Something They Don’t Talk About in Pawhuska

In downtown Pawhuska, Oklahoma, county seat of Osage County and the capital of the Osage Nation, is a small plaque that reads “ON THIS SITE IN 1897 NOTHING HAPPENED HERE.”

Well something did happen here 24 years later, when the Klu Klux Klan attempted to roust all the “idle negroes” out of town.

December 8, 1921:

“Thirty negroes boarded a Midland Valley passenger train here yesterday after Ku Klux Klan warnings had been posted in all sections of the city instructing idle negroes to leave town and order all other negroes in the white section to immediately moved into the colored district.

[…]

The warnings painted in red ink read: ‘Warning–All idle negroes art to leave Pawhuska at once. All negroes residing in servants quarters in the white district must immediately move south of the railroad tracks.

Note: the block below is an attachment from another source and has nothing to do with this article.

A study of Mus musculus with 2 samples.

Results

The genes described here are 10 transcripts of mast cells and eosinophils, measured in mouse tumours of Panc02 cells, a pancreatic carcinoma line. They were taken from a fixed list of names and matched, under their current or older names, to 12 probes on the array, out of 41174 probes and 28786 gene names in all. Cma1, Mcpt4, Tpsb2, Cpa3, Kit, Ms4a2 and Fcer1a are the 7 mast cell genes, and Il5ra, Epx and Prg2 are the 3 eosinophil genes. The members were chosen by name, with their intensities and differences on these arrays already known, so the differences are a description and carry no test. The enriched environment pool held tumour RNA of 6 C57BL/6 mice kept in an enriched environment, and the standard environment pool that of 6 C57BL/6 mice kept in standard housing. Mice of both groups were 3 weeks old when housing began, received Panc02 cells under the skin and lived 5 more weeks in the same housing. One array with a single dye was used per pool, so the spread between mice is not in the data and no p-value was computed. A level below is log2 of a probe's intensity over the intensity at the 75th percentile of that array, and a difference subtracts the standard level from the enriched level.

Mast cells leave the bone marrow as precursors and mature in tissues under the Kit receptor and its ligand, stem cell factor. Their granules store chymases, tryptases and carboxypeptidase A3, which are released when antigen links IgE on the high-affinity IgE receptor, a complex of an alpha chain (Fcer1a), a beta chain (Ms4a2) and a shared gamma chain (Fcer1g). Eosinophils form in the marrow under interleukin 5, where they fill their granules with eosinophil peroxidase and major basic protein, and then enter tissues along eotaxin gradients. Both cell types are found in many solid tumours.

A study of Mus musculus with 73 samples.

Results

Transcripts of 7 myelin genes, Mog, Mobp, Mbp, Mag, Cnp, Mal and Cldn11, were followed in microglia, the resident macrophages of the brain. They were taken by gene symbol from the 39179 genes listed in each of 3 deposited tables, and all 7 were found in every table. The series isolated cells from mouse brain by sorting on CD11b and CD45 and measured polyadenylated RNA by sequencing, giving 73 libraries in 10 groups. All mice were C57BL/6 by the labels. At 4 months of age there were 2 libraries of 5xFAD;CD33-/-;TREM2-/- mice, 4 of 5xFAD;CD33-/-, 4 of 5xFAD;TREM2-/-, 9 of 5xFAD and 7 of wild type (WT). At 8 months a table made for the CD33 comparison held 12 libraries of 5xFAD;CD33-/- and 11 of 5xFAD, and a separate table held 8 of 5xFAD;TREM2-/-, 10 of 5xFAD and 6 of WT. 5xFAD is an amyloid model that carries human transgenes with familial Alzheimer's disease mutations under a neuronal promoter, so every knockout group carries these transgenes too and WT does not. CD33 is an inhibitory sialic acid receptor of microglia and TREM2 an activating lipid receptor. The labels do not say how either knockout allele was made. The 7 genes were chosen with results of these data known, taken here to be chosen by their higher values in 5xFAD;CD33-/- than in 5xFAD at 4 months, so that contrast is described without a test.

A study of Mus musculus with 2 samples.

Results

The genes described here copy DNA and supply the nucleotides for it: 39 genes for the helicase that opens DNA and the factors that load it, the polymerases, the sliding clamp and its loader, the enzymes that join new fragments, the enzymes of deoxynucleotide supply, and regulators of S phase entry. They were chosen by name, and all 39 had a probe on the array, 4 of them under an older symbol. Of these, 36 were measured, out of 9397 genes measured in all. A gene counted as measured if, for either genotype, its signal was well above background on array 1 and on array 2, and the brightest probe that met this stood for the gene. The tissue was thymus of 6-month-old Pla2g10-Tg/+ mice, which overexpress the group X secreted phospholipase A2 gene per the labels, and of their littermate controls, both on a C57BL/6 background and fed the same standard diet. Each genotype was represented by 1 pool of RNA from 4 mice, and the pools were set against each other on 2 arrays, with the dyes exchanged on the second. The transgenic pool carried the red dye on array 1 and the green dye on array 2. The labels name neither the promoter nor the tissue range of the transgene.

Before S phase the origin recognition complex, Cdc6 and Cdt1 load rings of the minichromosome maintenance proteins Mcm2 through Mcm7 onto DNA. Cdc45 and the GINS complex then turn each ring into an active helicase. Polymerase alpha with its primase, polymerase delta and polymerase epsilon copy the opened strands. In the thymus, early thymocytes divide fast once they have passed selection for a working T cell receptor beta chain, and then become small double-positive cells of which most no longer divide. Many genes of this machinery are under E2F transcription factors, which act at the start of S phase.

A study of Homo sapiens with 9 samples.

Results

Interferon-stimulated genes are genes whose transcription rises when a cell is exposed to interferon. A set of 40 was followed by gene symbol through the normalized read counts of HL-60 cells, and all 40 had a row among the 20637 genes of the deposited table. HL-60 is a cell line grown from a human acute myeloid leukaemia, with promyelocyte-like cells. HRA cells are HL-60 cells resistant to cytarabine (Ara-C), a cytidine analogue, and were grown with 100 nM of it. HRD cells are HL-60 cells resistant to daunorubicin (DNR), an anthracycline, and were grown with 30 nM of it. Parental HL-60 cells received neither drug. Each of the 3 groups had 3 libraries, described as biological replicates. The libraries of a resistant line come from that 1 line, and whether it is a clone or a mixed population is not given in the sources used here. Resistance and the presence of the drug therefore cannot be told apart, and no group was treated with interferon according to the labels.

These notices posted throughout the white residential section, the business district and in ‘negro town,’ bore the signature ‘The Ku Klux Klan.’

A letter received by a local newspaper asked for fullest publicity in the matter and said ‘The Klu Klux Klan’ meant business. The paper was instructed to inform the negroes that severe punishment would be dealt to negroes who failed to abide by the warnings.

It was the contention of the letter that negroes are becoming too numerous in the white section of the city and that negroes employed by white people and housed in servant quarters have been harboring idle negroes.

Raids this week by police officers on servant quarters in the rear of prominent citizens homes have resulted in the seizure of considerable booze and goods stolen from Pawhuska stores have been found in the possession of these negroes, this letter declared.”

Source: “Negroes Warned by the Klan.” Oklahoma Weekly Leader, Guthrie, Oklahoma, December 8, 1921: 1.